Cookbook:Yorkshire Pudding

CategoryBatter recipes
Yield8 large/12 small
TimePrep: 1 hour 10 minutes
Cooking: 20–25 minutes

Cookbook | Ingredients | Recipes | Cuisine of the United Kingdom

A Yorkshire pudding is a light, fluffy dish that is usually cooked and served alongside a roast dinner, traditionally made with roast meat—especially roast beef. It comes from Yorkshire, a region in the United Kingdom, and is popular across the island. The exact recipe differs from area to area, even from family to family, so the below recipe offers a generic approach to the tasty pudding.[1]

Ingredients[edit | edit source]

Equipment[edit | edit source]

Procedure[edit | edit source]

  1. Preheat the oven to 230°C (210°C convection)
  2. Fill your tin(s) with a thin layer of your chosen oil, and place into the oven to heat up.
  3. Sieve flour into a bowl, then beat in eggs until smooth.
  4. Slowly add the milk in stages, beating as you go until well-mixed.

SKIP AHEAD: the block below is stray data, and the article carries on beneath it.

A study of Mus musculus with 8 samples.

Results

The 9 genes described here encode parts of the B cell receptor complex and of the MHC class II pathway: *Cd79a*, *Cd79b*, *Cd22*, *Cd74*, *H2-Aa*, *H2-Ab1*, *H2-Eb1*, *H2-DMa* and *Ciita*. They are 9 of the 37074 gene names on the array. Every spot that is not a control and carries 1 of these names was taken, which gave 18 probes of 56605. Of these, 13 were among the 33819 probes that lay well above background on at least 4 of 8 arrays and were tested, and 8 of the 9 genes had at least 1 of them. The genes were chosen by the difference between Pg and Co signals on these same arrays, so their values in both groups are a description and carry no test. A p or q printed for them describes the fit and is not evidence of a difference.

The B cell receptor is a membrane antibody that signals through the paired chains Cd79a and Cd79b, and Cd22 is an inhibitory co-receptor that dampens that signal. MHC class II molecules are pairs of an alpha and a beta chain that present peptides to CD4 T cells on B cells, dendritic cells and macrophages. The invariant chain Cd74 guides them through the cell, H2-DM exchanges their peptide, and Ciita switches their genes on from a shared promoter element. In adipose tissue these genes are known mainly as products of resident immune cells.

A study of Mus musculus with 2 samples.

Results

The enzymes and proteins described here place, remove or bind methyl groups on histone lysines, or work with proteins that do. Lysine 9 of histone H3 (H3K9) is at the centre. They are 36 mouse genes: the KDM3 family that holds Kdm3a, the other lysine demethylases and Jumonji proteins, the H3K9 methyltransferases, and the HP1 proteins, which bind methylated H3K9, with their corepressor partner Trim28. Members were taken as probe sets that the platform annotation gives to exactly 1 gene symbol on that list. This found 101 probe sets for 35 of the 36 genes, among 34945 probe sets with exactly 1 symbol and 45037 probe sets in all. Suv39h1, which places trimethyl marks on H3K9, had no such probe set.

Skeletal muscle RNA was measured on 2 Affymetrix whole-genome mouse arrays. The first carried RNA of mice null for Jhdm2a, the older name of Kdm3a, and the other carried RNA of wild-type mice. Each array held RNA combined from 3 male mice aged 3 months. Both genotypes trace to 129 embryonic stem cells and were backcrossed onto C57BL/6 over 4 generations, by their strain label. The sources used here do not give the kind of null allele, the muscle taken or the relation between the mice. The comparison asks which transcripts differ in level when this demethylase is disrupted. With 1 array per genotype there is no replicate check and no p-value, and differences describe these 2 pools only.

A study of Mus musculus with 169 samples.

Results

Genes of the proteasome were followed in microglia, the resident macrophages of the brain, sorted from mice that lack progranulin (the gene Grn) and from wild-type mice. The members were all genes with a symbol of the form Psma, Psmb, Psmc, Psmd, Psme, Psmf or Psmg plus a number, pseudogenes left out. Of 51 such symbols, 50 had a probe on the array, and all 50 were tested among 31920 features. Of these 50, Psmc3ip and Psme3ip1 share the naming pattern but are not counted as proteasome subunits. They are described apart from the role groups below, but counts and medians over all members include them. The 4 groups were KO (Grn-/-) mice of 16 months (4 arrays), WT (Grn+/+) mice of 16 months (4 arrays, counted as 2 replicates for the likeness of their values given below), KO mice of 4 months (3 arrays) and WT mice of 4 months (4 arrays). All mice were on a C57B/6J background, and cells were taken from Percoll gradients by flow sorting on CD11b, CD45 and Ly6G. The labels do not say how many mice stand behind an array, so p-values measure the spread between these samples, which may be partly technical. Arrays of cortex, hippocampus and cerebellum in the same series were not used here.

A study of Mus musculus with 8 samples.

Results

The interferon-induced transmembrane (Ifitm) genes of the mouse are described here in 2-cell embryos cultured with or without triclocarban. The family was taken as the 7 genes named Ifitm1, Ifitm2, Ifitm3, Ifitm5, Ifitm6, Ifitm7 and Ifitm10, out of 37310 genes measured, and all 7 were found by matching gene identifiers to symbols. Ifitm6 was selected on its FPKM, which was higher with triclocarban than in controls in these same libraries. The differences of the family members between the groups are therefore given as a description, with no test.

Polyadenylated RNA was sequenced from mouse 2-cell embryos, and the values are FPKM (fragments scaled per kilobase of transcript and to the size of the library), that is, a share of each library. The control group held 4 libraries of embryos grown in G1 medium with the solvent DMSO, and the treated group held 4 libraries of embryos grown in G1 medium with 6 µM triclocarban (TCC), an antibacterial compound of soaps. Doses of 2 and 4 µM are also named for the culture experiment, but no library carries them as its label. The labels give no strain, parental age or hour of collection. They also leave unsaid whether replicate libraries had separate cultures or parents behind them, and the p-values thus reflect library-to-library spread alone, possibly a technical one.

5. Season with salt and pepper. Add optional ingredients as desired.
  6. Transfer the batter to a pouring jug. For best results, rest the batter in the fridge for 1 hour.
  7. Being swift, but careful, remove the hot tin(s) from the oven, and evenly fill the holes with your batter.
  8. Place the tin(s) back into the oven, and leave them undisturbed for 20–25 minutes until puffed and golden brown. Opening the oven door can upset the cooking of the Yorkshire puddings—trust the process and watch with the door closed.
  9. Serve immediately. They can also be cooled and frozen for up to 1 month.

Notes, tips, and variations[edit | edit source]

  • For the best Yorkshire puddings, make sure your oil is as hot as it can be. Try a little batter first to see if it instantly puffs up.

References[edit | edit source]

  1. Beeton, Isabella (1907). Mrs. Beeton's Book of Household Management. p. 972.